Ralph Waldo Emerson once said, "What lies behind us and what lies before us are tiny matters compared to what lies within us." That something that "lies within us" is called integrity. Definition? Doing the right thing, even though no one is watching.
But what if someone is?
My girlfriend Juliette and her friend were dining out when her friend accidentally knocked over her glass, broke it and cut her finger while grabbing for it. Within seconds a third woman approached their booth and said she had seen the entire incident, and it was "definitely a lawsuit."
Juliette's friend said it was no big deal, and that it was her own fault, but the intruder insisted, laying her business card on the table. As luck had it, she was an attorney and would be willing to represent Juliette's friend in a lawsuit. The waitress, approaching their table to clean up the mess, overheard the lawyer and encouraged her to sue --there was definitely money to be had.
Little did she know that Juliette was the wife of that restaurant's CEO. Needless to say, the next day that employee was looking for work. In this situation, it was an actual person watching. But what if that "person watching" happened to be God? King Saul learned that lesson the hard way.
Samuel was a prophet sent by God to anoint Saul king of Israel. One day Samuel told Saul that the Lord wanted Saul to completely destroy the entire Amalekite nation -- men, women, children, babies, cattle, sheep, camels and donkeys. Scripture says that Saul took 210,000 men and did as he was told -- well, almost. He slaughtered the Amalekites all right, but receiving Saul's reprieve was Agag, their king, and the best of the sheep, cattle, fat calves and lambs -- BIG MISTAKE. Saul forgot Who was watching, and that angry Who alerted the prophet of Saul's deception. 1 Samuel 15:12 tells us the rest of the story. Samuel went searching for Saul, and when he finally found him, Saul greeted him cheerfully, announcing proudly that he had followed the Lord's command. The prophet, of course, knew differently.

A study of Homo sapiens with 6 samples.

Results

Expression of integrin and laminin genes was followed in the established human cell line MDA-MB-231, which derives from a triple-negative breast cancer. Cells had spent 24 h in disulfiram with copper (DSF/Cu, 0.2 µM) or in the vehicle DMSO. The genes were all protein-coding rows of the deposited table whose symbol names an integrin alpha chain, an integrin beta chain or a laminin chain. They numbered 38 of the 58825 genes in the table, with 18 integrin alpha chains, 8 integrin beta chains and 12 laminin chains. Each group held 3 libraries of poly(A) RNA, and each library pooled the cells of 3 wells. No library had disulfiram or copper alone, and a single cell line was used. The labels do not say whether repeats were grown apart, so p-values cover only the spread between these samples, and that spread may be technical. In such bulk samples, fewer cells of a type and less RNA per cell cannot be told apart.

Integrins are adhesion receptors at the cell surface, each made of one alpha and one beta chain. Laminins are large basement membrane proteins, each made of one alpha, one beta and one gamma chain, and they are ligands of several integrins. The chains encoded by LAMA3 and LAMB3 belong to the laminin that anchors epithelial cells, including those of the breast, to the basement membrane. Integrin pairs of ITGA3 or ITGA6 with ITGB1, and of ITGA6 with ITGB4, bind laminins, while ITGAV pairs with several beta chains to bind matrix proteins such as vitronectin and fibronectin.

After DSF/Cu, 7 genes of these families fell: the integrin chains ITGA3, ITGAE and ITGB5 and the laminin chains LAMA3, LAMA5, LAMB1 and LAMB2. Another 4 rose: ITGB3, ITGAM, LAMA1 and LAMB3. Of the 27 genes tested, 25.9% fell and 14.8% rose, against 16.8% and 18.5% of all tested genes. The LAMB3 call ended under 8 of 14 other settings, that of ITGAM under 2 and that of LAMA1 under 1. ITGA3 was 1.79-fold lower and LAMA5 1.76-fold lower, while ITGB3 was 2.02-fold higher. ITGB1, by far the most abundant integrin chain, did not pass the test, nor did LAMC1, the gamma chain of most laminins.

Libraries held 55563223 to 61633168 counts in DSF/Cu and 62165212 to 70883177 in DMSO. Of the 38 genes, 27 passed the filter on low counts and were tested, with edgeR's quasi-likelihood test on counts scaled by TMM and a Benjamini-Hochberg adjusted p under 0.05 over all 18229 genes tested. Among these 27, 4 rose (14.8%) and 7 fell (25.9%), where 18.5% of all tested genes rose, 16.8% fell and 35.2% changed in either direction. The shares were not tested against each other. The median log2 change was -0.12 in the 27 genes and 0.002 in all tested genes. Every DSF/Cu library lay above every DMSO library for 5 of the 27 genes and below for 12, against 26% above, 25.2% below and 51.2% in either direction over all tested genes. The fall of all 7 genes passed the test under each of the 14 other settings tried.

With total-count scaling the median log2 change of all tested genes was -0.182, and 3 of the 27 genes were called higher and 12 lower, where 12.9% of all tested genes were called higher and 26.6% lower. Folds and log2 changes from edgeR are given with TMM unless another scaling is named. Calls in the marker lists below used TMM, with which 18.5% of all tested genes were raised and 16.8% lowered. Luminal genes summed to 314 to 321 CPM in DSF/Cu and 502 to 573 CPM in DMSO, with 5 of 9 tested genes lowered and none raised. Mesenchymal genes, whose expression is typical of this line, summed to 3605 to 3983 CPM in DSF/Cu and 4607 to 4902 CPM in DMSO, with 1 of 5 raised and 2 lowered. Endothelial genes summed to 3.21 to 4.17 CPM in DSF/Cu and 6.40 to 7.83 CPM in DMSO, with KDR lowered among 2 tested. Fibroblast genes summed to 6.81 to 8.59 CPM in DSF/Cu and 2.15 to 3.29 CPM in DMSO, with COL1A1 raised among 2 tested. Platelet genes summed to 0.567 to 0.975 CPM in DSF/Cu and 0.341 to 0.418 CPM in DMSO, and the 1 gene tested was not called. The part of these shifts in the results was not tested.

"Then what is all the bleating of sheep and lowing of cattle I hear?" Samuel demanded. (Can't you just see the look on Saul's face and hear the stutters? Panic time!)
"It's true that the army spared the best of the sheep and cattle," Saul admitted. "But they are going to sacrifice them to the Lord your God. We have destroyed everything else."
Nice try, Saul. If in doubt, play the blame game. Once again, Samuel knew differently. When he questioned why Saul had not followed orders, the king answered, "But I did obey the Lord. I carried out the mission he gave me. I brought back King Agag, but I destroyed everyone else. Then my troops brought in the best of the sheep and cattle and plunder to sacrifice to the Lord your God in Gilgal."
Samuel had enough and told Saul he would no longer be King. Had Saul learned his lesson? You decide.
"Yes, I have sinned. I have disobeyed your instructions and the Lord's command, for I was afraid of the people and did what they demanded."
Wow! Saul still doesn't get it. Unfortunately, by the time he got a clue, he had lost his crown. Maybe, just maybe, had he even a little integrity, the story would have ended differently. Just like it would have for the waitress. Too bad they both had to find out the hard way that what lies within us has its way of being noticed, some by CEO's wives but all by God Himself.